Will and Kate get a joint coat of arms as Prince George's christening date is announced
Published 27/09/2013 | 15:35
The Duke and Duchess of Cambridge have been given a joint "conjugal" coat of arms by the Queen to represent them as a married couple, as they announce the date of Prince George's christening.
The royal baby will be christened by the Archbishop of Canterbury, the Most Rev Justin Welby, on Wednesday October 23 at the Chapel Royal, St James's Palace, Kensington Palace announced today.
Meanwhile, the couple's marriage was acknowledged formally by the Queen as she presented them with a coat of arms.
Designed by The College of Arms in London, Conjugal Arms traditionally show the separate shields of a Royal husband and wife, side by side.
On the left of the design is the Duke's version of the Royal Coat of Arms granted to him by The Queen on his 18th birthday. On the right is the Duchess’s shield from the Middleton family Coat of Arms, granted to the family in 2011 ahead of her marriage.
A spokesman for Kensington Palace said: "The Conjugal Arms will be theirs forever, but as their circumstances and roles alter, elements of the accoutrements around the shields may change. In addition to their Conjugal Arms, Their Royal Highnesses also retain their own Coats of Arms to represent themselves as individuals."
It is the third new coat of arms for the Duchess in the space of two years.
Just days before the Royal wedding in 2011, the Middleton family were awarded their own coat of arms featuring acorns and a gold chevron. The Duchess herself helped design that emblem, suggesting three acorns for the three Middleton children.
The Middleton family crest was commissioned by Michael Middleton from the College of Arms, a branch of the royal household, and cost £4,400.
After the royal wedding the Duchess was granted her own Coat of Arms by the Queen, made by placing her father’s Arms beside those of her husband in what is known as an impaled Coat of Arms.
The shield on the left of the new Conjugal Coat of Arms, representing the Duke of Cambridge, shows the various Royal emblems of different parts of the United Kingdom: the three lions of England in the first and fourth quarters, the lion of Scotland in the second and the harp of Ireland in the third.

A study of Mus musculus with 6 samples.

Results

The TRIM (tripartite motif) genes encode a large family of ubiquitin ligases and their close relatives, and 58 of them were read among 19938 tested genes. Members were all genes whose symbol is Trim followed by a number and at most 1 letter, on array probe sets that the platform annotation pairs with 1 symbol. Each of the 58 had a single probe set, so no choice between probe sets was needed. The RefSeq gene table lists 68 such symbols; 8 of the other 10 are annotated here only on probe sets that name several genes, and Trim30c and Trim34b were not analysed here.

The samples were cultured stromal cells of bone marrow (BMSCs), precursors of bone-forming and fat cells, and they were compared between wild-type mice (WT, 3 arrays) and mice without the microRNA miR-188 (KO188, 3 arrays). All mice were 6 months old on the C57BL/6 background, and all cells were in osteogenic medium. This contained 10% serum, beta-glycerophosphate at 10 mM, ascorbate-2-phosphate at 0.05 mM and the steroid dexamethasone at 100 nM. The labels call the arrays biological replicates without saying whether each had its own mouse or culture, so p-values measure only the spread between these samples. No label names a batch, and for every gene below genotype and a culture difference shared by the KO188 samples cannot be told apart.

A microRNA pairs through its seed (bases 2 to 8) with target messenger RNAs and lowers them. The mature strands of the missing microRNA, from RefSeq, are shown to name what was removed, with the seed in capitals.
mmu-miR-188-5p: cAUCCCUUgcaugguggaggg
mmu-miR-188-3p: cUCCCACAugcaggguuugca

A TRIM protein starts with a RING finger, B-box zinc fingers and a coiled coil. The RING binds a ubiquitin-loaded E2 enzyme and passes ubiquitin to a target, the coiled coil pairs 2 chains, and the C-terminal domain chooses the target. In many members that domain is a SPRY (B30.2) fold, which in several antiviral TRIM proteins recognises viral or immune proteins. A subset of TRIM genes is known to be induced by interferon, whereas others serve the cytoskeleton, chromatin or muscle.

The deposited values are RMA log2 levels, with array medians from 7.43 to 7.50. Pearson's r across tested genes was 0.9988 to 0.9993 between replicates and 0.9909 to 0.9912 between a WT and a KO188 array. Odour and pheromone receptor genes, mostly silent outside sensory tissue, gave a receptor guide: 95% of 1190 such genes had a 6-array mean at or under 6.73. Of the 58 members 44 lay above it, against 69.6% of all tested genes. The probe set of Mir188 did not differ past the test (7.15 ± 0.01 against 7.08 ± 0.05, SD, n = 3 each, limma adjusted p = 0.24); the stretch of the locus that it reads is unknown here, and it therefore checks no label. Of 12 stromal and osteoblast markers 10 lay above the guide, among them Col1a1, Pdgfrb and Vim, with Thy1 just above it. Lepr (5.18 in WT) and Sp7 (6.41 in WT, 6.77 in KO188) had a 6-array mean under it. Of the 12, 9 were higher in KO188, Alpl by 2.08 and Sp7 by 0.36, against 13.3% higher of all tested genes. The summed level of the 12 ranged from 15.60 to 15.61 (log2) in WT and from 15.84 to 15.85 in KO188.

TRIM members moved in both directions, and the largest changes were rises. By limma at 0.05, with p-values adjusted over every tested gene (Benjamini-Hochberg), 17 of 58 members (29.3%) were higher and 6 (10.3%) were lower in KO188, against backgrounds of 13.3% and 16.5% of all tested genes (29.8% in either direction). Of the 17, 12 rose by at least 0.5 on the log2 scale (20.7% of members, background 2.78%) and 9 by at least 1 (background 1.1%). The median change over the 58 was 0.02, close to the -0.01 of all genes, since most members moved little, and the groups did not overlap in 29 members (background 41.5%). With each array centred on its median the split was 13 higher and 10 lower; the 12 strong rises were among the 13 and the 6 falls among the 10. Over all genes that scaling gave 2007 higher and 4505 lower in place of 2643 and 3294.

It is surrounded by a blue garter bearing the motto Honi soit qui mal y pense (‘Shame to those who think evil of it'), which symbolises the Order of the Garter, of which the Duke is a Knight Companion.
The Duchess of Cambridge’s shield on the right shows the Middleton family Arms, technically known as "Per pale Azure and Gules a Chevron Or cotised Argent between three Acorns slipped and leaved Or".
Per Pale means that the Shield is divided vertically with one half blue (azure) and the other half red (gules). A Chevron Or means the gold chevron across the centre of the shield. There are smaller white chevrons, or cotises, above and below the gold chevron, symbolising snow-capped mountains from the Middletons' skiiing holidays. Slipped means ‘with a stalk,’ so the final part of the blazon – and distinguishing feature of the Shield – means three acorns with gold stalks and leaves.
Acorns were chosen because the Middleton family home at the time of the royal wedding was surrounded by oak trees.
For its placement in the conjugal Arms, the Duchess of Cambridge’s shield is surrounded by a Wreath of Oak, to balance out the Duke’s garter. This is traditional for Royal Spouses who are not themselves entitled to surround their Arms with an order of chivalry.
Both shields are supported by the Duke of Cambridge’s supporters of the Royal Lion and Unicorn wearing a three pointed collar, known as a label. The label has a red escallop shell derived from the Spencer Coat of Arms which has been used by the Duke's ancestors on his mother's side for centuries.
Conjugal Coats of Arms are a royal tradition, and have been granted in the past to the Queen and the Duke of Edinburgh, and the Prince of Wales and Duchess of Cornwall, though they are rarely used.
Thomas Woodcock, Garter King of Arms, said the new design is most likely to be used on plaques when the Duke and Duchess jointly perform official openings.
He said: "The Duchess did come in when we were designing it and she said that on the compartment, which is the thing they stand on, she liked the grass darker at the back and paler at the front. It's a small point, but something she picked up on."